How do air pollutants affect the climate?

Discussions about greenhouse gases usually include mention of common terms such as methane and CO₂. However, air pollutants such as particulate matter and ammonia do no less damage to the climate, since they can also act as greenhouse gases or serve as precursor compounds of them.

Air pollutants are substances in the air that can compromise human health and the environment. They can come from natural or anthropogenic (i.e., man-made) sources. Natural pollutants include soot and sulfur dioxide, which are produced by volcanic eruptions. Particulate matter and carbon monoxide caused by traffic are examples of anthropogenic air pollutants.


Further climate research at Helmholtz

Answers for politics, administration and business (GERICS)

The Climate Service Center Germany (GERICS) offers products, advisory services and decision-relevant information in a scientifically sound manner to support government, administration and business in their efforts to adapt to climate change. This takes account of the rapidly growing need for advice on climate issues and closes the gap between science and practice.


For climate modeling, climate researchers need the highest computing power and produce a wealth of data: For more than 30 years, the German Climate Computing Center (DKRZ) in Hamburg, as a central, national service facility, has been providing computing power for climate and earth system research. Its high-performance computers, data storage and services are the central research infrastructure for simulation-based climate science in Germany.


In order to investigate and understand the consequences, causes and effects of climate change, researchers have to work together across disciplines and pass on their knowledge to society and politics. The Earth System Knowledge Platform (ESKP) prepares research results from the Helmholtz Centers on the subjects of "natural hazards", "climate change", "pollutants" and "effects of the energy transition on the environment" in an easily understandable manner for various target groups.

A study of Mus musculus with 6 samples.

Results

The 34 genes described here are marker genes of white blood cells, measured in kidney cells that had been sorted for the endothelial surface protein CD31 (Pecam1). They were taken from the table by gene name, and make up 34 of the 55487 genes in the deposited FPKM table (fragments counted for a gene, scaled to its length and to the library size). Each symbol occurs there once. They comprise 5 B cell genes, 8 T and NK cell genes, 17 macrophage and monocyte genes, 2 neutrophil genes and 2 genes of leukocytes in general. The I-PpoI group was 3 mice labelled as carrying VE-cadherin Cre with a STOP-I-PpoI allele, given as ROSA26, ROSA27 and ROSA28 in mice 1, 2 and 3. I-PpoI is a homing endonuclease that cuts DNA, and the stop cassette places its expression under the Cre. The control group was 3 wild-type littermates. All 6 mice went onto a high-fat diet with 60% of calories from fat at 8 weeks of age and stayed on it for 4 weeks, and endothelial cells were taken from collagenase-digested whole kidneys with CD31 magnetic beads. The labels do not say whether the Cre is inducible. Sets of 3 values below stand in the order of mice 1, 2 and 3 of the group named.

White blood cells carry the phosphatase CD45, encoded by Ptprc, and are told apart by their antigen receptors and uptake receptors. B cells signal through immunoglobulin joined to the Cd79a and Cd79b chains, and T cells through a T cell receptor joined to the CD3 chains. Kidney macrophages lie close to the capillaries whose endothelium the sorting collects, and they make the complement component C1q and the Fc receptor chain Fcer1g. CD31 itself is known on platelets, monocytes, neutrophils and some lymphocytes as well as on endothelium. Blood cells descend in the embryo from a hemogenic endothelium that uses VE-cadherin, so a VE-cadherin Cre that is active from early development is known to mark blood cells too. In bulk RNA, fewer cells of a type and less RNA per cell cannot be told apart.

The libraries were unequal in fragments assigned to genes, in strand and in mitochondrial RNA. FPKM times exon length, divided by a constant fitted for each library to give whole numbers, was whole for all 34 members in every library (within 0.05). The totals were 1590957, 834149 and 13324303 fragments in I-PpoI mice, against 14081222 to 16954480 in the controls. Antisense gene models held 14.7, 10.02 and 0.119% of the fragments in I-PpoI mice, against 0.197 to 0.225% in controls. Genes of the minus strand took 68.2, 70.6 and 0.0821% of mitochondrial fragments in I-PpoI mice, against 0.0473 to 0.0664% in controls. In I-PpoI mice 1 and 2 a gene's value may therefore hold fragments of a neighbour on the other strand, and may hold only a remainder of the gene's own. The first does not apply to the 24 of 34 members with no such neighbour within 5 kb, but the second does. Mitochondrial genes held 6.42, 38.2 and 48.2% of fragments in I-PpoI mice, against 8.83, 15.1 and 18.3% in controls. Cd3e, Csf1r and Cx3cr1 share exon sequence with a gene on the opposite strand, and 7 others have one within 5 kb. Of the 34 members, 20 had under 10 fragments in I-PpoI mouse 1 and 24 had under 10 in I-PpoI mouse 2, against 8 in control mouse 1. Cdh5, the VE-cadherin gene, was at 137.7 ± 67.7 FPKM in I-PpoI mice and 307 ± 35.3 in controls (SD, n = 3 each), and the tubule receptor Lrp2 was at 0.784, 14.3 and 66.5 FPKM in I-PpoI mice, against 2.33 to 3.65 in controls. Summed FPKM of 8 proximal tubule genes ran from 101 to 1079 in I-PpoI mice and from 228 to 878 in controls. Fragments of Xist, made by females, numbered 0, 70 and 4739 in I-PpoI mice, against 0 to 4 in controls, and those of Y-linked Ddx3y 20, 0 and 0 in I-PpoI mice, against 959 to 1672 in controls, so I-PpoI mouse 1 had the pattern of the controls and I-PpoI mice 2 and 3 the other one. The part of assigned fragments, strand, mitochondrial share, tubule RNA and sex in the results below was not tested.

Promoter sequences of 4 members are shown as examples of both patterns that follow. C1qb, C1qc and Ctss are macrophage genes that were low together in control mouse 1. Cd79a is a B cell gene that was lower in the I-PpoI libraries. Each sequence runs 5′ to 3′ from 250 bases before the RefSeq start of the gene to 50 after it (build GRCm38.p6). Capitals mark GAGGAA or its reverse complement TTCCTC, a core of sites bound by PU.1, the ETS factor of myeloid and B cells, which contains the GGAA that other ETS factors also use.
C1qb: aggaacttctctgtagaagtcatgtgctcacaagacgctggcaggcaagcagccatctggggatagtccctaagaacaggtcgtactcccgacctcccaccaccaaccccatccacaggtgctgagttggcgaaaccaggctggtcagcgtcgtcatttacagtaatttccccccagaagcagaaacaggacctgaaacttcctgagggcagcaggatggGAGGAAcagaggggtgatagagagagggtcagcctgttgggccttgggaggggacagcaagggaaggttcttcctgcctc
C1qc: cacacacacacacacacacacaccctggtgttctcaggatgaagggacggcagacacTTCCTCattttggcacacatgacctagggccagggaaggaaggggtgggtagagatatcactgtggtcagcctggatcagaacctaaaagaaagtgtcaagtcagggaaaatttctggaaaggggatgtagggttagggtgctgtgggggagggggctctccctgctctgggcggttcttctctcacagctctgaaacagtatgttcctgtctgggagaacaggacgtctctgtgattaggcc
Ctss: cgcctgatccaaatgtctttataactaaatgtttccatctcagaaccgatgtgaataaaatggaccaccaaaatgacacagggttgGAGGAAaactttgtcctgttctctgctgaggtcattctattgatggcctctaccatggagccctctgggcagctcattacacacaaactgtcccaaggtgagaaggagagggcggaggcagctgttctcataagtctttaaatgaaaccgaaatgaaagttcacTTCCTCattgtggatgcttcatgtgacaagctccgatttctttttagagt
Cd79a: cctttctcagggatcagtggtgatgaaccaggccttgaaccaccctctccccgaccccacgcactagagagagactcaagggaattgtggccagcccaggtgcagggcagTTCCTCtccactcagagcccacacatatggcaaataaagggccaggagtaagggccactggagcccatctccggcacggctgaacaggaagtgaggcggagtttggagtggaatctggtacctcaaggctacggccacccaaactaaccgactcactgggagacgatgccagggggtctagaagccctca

The earth is undergoing a profound change: the air temperature is rising, the oceans are warming up, glaciers, ice sheets and snow packs are decreasing more and more, and the global sea level is rising. The Helmholtz Association "Regional Climate Change and People" (REKLIM) looks at the interactions between atmosphere, ocean and land surfaces to understand regional impacts of climate change in detail.


Environmental changes in our climate, land productivity, or our atmosphere have far-reaching effects on the functionality of ecosystems. The terrestrial environmental observation platforms (TERENO) catalog the long-term effects of global change on various environmental systems and develop strategies to counteract negative effects as early as possible.


Where exactly, to what extent and with what consequences heat and drought, extreme hydrological events, ocean eddies and the sudden thawing of permafrost will affect our environment, are questions that Helmholtz researchers investigate with the MOSES observation system. It consists of mobile modules, whose devices can be assembled flexibly, depending on the conditions of use or research needs. MOSES will go into operation in 2022 after a five-year construction phase.


Although climate change is a global challenge, it influences every region differently. The Helmholtz Association established a nationwide network of four regional climate offices to give farmers, coastal engineers, urban planners, and decision-makers from politics and business first-hand information and research results on regional climate change in Germany.